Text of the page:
Gap Finds Doing the Right Thing Can Be Hard

Jul 14, 2005
George Anderson

By George Anderson

The Gap wants to do the right thing when it comes to protecting factory workers at overseas suppliers.

“We recognize our responsibility to be a catalyst for sustainable change, and believe an integrated approach that includes collaborative multi-stakeholder engagement can help drive lasting progress across our industry,” said Gap Inc. CEO and president Paul Pressler in a released statement. “Although we still face many challenges, we are encouraged by the progress we’ve made over the past year across several areas.”

The company released its second annual social responsibility report yesterday summarizing the findings of 92 inspectors who monitored 99.9 percent of the factories supplying product to Gap Inc. in 2004.

The retailer said it had invited Social Accountability International (SAI) and Verité to assess its monitoring efforts and that it was making modifications to its program based on those recommendations to further improve the process.

As a result of its inspection program, Gap Inc. said it stopped doing business in 2004 with 70 factories for failure to live up to the company’s Code of Vendor Conduct. That figure was down from 136 in 2003.

Fifteen percent of factories that sought to become vendors in 2004 were rejected because they did not mean minimum standards set by the company compared to 16 percent the year before.

Bob Jeffcott, policy analyst for the Maquila Solidarity Network, a workers’ rights group in Toronto told The Associated Press he is encouraged by what Gap Inc. is doing.

He cautioned, however, if the problems of foreign factory workers are going to be dealt with, Gap Inc. and others using overseas labor are going to have to pay suppliers more for the goods they are producing.

“No one is dealing with the fundamental question on how much you should be paying these suppliers so they can afford to pay their workers better wages,” he said.

Part of the issue of price squeeze, admits Gap Inc., are its own “inefficient purchasing practices” that often put last-minute demands on suppliers to deliver product.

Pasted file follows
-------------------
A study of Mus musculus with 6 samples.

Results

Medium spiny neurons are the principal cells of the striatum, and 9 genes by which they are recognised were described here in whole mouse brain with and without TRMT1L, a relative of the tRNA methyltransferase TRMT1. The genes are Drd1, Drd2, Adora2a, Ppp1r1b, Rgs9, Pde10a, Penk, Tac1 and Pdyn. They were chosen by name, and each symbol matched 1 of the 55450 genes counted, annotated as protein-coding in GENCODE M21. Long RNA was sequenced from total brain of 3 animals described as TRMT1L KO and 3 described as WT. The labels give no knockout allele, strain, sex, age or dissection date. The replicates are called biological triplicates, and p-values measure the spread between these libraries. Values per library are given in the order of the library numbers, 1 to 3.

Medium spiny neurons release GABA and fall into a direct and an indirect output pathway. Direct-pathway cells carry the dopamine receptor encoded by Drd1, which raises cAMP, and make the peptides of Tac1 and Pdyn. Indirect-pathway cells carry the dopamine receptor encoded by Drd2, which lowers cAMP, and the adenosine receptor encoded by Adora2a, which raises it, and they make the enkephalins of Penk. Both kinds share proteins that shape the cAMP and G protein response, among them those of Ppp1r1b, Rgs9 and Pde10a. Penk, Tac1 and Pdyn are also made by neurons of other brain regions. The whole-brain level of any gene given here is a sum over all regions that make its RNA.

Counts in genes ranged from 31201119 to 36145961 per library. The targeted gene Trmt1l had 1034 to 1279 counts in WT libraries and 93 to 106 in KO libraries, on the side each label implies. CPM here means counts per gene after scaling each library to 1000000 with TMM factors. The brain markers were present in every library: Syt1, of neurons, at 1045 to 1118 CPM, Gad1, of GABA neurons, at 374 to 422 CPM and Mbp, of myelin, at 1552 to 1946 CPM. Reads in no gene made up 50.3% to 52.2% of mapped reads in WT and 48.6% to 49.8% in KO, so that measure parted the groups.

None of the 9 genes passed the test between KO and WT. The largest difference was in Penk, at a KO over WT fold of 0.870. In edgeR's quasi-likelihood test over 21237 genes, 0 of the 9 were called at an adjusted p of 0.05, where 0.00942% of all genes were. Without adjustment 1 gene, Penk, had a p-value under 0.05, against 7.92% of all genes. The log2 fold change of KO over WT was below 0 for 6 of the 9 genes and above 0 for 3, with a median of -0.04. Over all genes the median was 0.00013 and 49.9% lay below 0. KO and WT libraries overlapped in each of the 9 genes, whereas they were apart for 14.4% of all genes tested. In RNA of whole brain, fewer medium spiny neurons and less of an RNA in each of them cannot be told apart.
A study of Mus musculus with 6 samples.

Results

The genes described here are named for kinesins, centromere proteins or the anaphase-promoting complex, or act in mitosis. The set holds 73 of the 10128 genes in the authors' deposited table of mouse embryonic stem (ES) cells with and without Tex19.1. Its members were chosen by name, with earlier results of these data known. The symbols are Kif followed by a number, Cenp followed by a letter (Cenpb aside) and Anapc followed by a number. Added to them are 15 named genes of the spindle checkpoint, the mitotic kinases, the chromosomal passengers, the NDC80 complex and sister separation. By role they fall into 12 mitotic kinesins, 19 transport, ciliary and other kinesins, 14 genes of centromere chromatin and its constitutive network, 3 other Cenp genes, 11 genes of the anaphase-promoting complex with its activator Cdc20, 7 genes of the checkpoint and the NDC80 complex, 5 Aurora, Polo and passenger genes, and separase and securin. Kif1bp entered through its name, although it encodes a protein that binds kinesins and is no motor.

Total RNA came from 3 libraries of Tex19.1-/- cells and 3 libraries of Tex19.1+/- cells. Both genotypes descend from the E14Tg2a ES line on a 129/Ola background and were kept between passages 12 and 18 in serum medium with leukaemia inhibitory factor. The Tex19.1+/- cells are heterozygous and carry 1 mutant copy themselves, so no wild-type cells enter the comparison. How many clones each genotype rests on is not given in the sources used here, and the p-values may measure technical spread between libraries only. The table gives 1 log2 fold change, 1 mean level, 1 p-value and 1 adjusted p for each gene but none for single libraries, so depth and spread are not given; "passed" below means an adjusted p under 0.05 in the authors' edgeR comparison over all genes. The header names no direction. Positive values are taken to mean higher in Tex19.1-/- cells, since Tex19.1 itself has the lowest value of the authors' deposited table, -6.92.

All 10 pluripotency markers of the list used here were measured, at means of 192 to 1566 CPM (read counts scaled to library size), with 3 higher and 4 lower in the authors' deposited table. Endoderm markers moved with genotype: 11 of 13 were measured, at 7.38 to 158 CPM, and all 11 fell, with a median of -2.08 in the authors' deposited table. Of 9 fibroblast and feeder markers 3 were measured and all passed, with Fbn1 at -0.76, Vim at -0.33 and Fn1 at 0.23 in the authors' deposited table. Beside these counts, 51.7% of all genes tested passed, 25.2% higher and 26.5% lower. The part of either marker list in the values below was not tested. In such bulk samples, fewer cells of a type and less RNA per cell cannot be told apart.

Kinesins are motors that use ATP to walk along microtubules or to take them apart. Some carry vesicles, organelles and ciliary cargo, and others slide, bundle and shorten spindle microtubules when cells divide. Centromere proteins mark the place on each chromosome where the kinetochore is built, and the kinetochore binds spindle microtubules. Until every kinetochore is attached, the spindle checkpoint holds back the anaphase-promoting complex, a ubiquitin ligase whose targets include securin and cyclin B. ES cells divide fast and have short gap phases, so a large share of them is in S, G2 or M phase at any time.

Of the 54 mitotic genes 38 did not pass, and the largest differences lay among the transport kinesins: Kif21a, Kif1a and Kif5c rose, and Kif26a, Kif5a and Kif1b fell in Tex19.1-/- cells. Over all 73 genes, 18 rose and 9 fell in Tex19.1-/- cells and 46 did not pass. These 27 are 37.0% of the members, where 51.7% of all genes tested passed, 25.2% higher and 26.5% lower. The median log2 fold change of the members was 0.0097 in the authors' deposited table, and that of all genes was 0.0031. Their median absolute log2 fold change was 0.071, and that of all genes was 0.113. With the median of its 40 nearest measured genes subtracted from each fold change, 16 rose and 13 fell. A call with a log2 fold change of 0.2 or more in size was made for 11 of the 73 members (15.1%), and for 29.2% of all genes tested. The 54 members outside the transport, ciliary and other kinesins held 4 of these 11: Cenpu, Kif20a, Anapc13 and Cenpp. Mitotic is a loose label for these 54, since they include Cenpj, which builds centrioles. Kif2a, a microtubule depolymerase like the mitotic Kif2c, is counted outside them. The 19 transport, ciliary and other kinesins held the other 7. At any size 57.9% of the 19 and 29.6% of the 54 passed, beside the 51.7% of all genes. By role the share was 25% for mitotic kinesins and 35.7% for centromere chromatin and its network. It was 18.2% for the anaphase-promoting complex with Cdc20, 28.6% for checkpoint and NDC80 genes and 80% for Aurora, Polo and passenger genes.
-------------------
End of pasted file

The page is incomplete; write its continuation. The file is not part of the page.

Moderator’s Comment: What are the practical benefits, if any, that you see connected to Gap Inc.’s attempts to improve conditions for overseas factory

George Anderson – Moderator


Robert McMath
15 years 7 months ago
The poll shows this to be good publicity, and I think it is going to help with more stable relations with its suppliers. But the fact remains the more we outsource, the more we are putting a strain on our own purchasing power to purchase the products we are getting from overseas. Heard of a case where the son of a friend had been laid off from his work at a US Government Bureau. He was an educated and trained satellite reader for studying what our US observation satellites photograph as they sail across the sky. The Government has outsourced the work to people in Ireland. Less expensive of course, but that left the guy virtually without a job possibility given what he was doing was so specialized. Do that enough and there will be precious few who can afford what our corporations want to sell us that they make — either here or overseas! I for one look more and more for goods that identify they are made in the USA, and when there… Read more »
Karen Kingsley
Karen Kingsley
15 years 7 months ago

Good PR is the primary benefit, however, a consistent supply chain, and higher quality goods are a likely benefit as well.

Honestly though, for the employees at Gap, sleeping well may be the greatest benefit of all. If US-based Gap employees can feel better about the company they work for, particularly in light of recent corporate misdeeds, the morale of the US-based workforce will show more benefits than any of the previous advantages.

Mark Lilien
15 years 7 months ago

It can be great PR if they make sure everyone knows about it. It’s on their web site, but not specifically on the home page. I wonder if they say anything about social responsibility in the store signage or on the clothing labels. It’s great to be ethical and its smart to make sure you get the credit for it.